What is Forward and Backward Scheduling?

What is Forward and Backward Scheduling?

Sujata Upadhyay
Sujata Upadhyay
Table of Contents
Table of Contents

Scheduling and its importance

Scheduling is a method that aims for the most efficient use of resources to complete a task within a stipulated time. In in a production process or manufacturing process, scheduling of task pertains to scheduling of human activities and planning the use of equipment and facilities. They are used to efficiently strategize and allocate equipment, production processes, human resources, purchase and receipt of materials. The concepts of lean manufacturing and just-in-time manufacturing concepts have increased the significance of scheduling. Organizations and enterprises use different approaches to scheduling — forward and backward scheduling being the two of the most vital methods. The goal of “on time, on plan and on budget” completion of a project calls for a mix of forward and backward scheduling approaches.

Forward Scheduling and Backward Scheduling

Forward scheduling incorporates selecting a planned order release date and scheduling of subsequent activities thereafter. The method is fairly simple—you take a job consisting of various tasks and allocate resources to these tasks as soon as the resources are available. Forward scheduling algorithms are particularly useful in cases of serial production, where the production order is fulfilled in the shortest possible time. The method is a tradeoff between when the job can be completed versus completing the job when required; customer tells you what they need and you tell them the earliest delivery time. Forward scheduling may result in tasks being completed earlier than the requested due dates. Or, sometimes, production orders may get fulfilled long before they are required to be shipped since the resources or materials are utilized as early as they get available.

So, using a forward scheduling method you can know: The earliest time in which you can complete a task.

At times, when enterprises need to respond to make-to-order processes or produce according to an estimated sales forecast, applying forward scheduling may not be useful. In backward scheduling system, you begin with a planned receipt date or due date—the date typically given by customer. Then you move ‘backward’ in time, and allocate resources accordingly, until you reach a point where the order should be released. You can determine earliest possible goods receipt time at the customers’ site. The method is useful for a manufacturer to know if a due date is possible or hit based on the allocation of resources. This algorithm is useful to identify potential bottlenecks, estimate resource requirements and to complete the task.

So, using a backward scheduling method you can know: The start date depending on the availability of resources.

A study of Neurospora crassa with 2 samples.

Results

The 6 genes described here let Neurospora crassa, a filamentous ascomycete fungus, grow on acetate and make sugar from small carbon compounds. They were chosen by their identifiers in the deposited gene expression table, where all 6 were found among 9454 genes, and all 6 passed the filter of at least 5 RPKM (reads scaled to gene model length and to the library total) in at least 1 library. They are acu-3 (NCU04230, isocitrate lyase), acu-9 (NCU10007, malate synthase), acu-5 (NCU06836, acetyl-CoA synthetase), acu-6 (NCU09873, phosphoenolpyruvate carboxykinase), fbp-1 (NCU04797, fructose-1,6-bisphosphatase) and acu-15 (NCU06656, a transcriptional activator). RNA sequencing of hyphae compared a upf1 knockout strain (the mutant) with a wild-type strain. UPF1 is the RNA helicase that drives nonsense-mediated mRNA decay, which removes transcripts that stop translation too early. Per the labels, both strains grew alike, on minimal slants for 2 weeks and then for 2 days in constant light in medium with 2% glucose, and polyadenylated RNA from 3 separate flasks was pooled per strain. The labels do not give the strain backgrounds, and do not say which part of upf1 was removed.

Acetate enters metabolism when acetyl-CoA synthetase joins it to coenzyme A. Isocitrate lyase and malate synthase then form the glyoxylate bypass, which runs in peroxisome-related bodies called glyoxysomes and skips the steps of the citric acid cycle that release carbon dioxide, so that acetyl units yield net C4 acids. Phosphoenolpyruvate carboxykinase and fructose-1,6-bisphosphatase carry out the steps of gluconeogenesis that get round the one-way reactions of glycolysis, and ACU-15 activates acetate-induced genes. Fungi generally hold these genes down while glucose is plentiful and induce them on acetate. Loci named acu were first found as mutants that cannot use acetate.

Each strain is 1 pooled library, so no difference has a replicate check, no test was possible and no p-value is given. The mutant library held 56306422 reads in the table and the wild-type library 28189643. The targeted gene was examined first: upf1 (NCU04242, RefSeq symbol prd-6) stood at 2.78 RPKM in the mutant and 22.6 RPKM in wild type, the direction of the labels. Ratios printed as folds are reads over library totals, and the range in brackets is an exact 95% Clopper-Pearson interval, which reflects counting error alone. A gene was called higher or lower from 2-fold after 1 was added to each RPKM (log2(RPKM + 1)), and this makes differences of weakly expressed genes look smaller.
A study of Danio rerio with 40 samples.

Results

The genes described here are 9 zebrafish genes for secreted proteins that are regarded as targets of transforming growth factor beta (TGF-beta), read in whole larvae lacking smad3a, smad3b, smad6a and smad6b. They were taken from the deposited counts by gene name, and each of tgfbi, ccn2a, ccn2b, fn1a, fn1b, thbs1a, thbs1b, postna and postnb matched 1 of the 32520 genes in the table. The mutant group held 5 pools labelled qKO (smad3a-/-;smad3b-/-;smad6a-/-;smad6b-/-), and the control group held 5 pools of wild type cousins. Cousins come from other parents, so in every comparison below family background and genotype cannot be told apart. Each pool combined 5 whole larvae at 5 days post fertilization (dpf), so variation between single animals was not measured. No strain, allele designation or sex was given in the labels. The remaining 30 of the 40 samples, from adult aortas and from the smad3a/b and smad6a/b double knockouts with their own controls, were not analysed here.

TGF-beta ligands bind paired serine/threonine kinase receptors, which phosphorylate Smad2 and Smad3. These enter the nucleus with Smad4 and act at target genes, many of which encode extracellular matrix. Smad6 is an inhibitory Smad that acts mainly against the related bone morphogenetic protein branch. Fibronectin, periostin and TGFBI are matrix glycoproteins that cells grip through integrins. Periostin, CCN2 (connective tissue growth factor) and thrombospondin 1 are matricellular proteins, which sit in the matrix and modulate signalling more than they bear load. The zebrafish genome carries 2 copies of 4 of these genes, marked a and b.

Usually, in case of forward scheduling, the pick/pack time, transportation time and transit time are added to the start date to calculate the due date or shipping date. While, in backward scheduling, the transit time, loading time, and pick/pack time are subsequently subtracted from requested delivery time by customers.

The key variables that need to be known are start date and due date or shipping date for forward and backward scheduling respectively. Other variables that affect both the scheduling processes include the type of jobs, the nature and availability of resources, processing time, changeover time, process routings, parallel and dependent tasks, number of work shifts and planned maintenances.

Which method should dominate?

Both the methods have their pros and cons; no method is the clear winner.

Some of the advantages of forward scheduling are:

  • There is a high labor utilization rate.
  • The time slack in the process allows space for any unexpected work to be loaded.
  • When product is not available at the due date forward scheduling can be applied.
  • Some of the advantages of backward scheduling are:

  • It leads to lower material cost as the materials are used only when required.
  • The production system is less prone to risk in case of any schedule change by customers.
  • Scheduling of tasks is multi-faceted—taking into account various production variables and estimation occurs across each stage the project lifecycle. In practice, just-in-time schedule in modern production processes is accomplished with a mix of forward and backward scheduling methods. Some orders need to be filled as soon as a slot is available while other orders are planned for just-in-time delivery. MRP systems by leading vendors allow for both forward and backward scheduling features. These methods should complement each other for any production and manufacturing system to be efficient.